That anxiety was palpable enough to worm its way into the track: the drum line mimics a heartbeat, creating a restlessness we all became accustomed to during quarantine. The rest of the album was then crafted in the remote woodland cabin that Gundersen promptly retreated to. Ruminating on love, anxiety, and goodbyes, A Pillar of Salt sees him reconcile “the fragments of a life constantly on the run” with the sudden, gaping stillness that the pandemic demanded.

“Laurel and Hardy” is the album’s opener, unassuming in its stripped-back arrangement yet compelling in its introspection. “True love makes you blind / but I wasn’t listening / so I gouged out my eyes” Gundersen sings, on the harm he’s done himself for the pretense of love. By the time he gets to “Coast”, though, he appears resigned to that love being over; “go on, break my heart” becomes a refrain set against the swelling musical backdrop.

The star of this album is undoubtedly Gundersen’s collaboration with good friend Phoebe Bridgers, herself no stranger to despondent lyricism. “Atlantis” blends their voices together beautifully as it reminisces on falling in love for the first time, though Gundersen can’t resist drawing a characteristically bleak comparison to the “rusted out frame / and a lot of spare parts” on American cars.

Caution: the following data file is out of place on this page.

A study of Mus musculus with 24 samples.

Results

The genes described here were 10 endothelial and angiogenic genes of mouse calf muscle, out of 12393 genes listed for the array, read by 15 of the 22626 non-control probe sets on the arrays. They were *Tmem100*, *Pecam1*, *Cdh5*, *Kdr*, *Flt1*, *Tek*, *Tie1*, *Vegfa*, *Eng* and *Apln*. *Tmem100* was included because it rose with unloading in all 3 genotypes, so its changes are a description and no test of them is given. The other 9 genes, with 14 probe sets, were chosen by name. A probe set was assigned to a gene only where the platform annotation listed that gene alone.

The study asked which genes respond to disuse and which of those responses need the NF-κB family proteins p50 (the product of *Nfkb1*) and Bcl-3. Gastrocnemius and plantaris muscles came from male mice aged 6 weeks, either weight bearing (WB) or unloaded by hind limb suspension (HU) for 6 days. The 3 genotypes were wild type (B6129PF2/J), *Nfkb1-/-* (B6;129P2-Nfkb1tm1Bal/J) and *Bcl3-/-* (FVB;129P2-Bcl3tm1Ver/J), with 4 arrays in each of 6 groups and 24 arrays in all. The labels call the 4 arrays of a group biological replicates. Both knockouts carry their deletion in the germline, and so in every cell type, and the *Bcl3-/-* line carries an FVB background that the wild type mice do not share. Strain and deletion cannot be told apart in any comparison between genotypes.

Another high point is “Bright Lost Things”, a song that belongs on the soundtrack of any coming-of-age indie film. In a way the whole album carries a degree of that energy. It’s a scrapbook of life and its lessons, considered in retrospect by a veteran writer and musician. Up close, A Pillar Of Salt may confront “the banality of existence”, but from a distance it also offers the perfect backdrop for wintry mornings and main character commutes.